When we think of wearable tech, we often envision smartwatches and fitness trackers worn on the wrist. However, any technology worn on the body qualifies as wearable. Current trends and technology have limited us, but smart rings offer a promising alternative. They enable people to track their health while still wearing traditional watches. These rings demonstrate the potential for jewelry to provide similar features while maintaining fashion sense. For example, earrings that can read body temperature, a feature still uncommon in smartwatches.

Our bodies hold a wealth of information, depending on the area you’re examining. Smartwatches and smart rings use light to gather health data, with smartwatches focusing on the wrist and smart rings on the finger. While these areas provide valuable insights, some researchers argue that certain body parts, like the earlobes, offer more accurate biometric data.

The Thermal Earrings project is built on medical research, aiming to develop a wearable that is both practical and stylish, particularly for women. The device features two sensors: one clips magnetically to the earlobe to measure body temperature, while the other hangs slightly below to measure room temperature. By comparing data from both sensors, it provides a more precise body temperature reading compared to smartwatches, which struggle to distinguish ambient temperature. This accuracy is important not only for monitoring body temperature but also for women to track ovulation and periods.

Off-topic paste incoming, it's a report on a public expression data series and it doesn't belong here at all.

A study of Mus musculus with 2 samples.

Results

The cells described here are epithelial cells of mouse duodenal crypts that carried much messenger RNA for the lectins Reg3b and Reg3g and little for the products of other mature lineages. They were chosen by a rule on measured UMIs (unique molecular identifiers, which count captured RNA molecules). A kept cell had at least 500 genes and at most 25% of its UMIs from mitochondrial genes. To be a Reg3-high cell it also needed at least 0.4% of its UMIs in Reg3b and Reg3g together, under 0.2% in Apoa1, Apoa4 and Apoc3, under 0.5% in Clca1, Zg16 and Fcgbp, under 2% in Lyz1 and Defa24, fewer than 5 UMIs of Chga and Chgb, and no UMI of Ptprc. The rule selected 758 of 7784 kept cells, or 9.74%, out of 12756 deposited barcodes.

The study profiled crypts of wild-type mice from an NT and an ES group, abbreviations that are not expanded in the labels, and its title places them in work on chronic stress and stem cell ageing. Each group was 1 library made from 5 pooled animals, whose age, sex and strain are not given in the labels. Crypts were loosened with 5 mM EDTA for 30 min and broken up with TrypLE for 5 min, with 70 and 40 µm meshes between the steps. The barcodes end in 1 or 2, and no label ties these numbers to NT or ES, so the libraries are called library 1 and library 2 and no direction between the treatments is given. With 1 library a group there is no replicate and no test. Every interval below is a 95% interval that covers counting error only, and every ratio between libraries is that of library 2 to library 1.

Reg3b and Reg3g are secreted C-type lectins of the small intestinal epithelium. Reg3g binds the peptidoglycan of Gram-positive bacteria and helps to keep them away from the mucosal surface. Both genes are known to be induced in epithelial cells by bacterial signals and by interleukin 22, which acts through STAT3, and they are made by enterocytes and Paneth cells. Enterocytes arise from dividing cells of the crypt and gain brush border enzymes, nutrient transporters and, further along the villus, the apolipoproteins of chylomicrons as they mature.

The small size of the Thermal Earrings poses challenges and opportunities. They consume minimal power and utilize low-power Bluetooth to send data to a smartphone. While theoretically, they could be charged using solar or kinetic energy, developing a reliable charging system is proving challenging. Additionally, since only one earring is needed to measure body temperature, there’s a question about the purpose of the other earring. Should it simply be a non-smart decoy or could it also measure another biometric?

The Thermal Earrings pave the way for a new type of wearable accessory. While the current prototype is somewhat constrained by its electronics, it can already be personalized with charms and gemstones. Further exploration into different materials and designs could result in more fashionable styles that women would feel proud to wear.